Staff Publications

Staff Publications


    'Staff publications' contains references to publications authored by Wageningen University staff from 1976 onward.

    Publications authored by the staff of the Research Institutes are available from 1995 onwards.

    Full text documents are added when available. The database is updated daily and currently holds about 240,000 items, of which 72,000 in open access.

Title Supersize my brain: a cross-sectional voxel-based morphometry study on the association between self-reported dietary restraint and regional grey matter volumes
Author(s) Laan, Laura N. van der; Charbonnier, L.; Griffioen-Roose, S.; Kroese, F.M.; Rijn, I. van; Smeets, P.A.M.
Source Biological Psychology 117 (2016). - ISSN 0301-0511 - p. 108 - 116.
Department(s) Human Nutrition (HNE)
Chair Sensory Science and Eating Behaviour
Publication type Refereed Article in a scientific journal
Publication year 2016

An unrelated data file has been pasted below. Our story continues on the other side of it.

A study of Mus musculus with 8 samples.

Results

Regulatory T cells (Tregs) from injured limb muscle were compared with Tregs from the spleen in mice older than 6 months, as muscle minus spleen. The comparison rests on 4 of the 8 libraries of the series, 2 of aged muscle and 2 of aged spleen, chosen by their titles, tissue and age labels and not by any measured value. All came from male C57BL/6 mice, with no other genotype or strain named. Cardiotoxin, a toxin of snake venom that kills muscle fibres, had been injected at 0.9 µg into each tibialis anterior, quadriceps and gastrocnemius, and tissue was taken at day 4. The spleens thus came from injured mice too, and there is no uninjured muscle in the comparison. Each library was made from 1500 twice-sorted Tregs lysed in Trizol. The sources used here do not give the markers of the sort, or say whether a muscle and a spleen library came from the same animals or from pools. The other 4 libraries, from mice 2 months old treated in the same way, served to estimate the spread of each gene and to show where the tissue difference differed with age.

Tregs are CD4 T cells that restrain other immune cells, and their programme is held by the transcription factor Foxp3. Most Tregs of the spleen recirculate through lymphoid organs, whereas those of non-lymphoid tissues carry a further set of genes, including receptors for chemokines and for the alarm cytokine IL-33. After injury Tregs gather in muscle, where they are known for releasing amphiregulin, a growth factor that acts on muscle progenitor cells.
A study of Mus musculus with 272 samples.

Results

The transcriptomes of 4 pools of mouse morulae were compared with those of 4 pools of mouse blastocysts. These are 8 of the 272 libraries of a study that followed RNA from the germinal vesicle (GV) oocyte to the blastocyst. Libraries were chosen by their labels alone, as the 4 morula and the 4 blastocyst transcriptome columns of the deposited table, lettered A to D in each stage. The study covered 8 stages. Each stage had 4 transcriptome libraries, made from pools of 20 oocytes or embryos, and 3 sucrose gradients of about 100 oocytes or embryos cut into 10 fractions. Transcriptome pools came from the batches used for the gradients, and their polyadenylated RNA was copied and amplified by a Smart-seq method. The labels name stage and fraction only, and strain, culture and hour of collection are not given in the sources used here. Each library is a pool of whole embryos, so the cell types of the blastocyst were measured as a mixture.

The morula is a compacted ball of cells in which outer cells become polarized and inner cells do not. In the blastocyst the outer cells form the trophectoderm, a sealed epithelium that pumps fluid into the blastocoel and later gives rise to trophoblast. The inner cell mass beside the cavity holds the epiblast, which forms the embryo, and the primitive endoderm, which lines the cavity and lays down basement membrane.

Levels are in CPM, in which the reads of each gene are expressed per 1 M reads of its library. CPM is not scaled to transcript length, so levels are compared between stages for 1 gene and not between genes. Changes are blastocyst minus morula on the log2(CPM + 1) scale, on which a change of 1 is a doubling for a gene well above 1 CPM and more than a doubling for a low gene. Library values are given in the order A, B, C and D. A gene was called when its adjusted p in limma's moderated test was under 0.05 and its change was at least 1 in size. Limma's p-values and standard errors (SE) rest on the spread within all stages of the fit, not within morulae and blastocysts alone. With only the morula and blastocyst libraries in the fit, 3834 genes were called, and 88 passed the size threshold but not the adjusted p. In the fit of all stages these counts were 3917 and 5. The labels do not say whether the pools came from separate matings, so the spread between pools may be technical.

Abstract Restrained eaters do not eat less than their unrestrained counterparts. Proposed underlying mechanisms are that restrained eaters are more reward sensitive and that they have worse inhibitory control. Although fMRI studies assessed these mechanisms, it is unknown how brain anatomy relates to dietary restraint. Voxel-based morphometry was performed on anatomical scans from 155 normal-weight females to investigate how regional grey matter volume correlates with restraint. A positive correlation was found in several areas, including the parahippocampal gyrus, hippocampus, striatum and the amygdala (bilaterally, p < 0.05, corrected). A negative correlation was found in several areas, including the inferior frontal gyrus, superior frontal gyrus, supplementary motor area, middle cingulate cortex and precentral gyrus (p < 0.05, corrected). That higher restraint relates to higher grey matter volume in reward-related areas and lower grey matter volume in regions involved in inhibition, provides a neuroanatomical underpinning of theories relating restraint to increased reward sensitivity and reduced inhibitory capacity.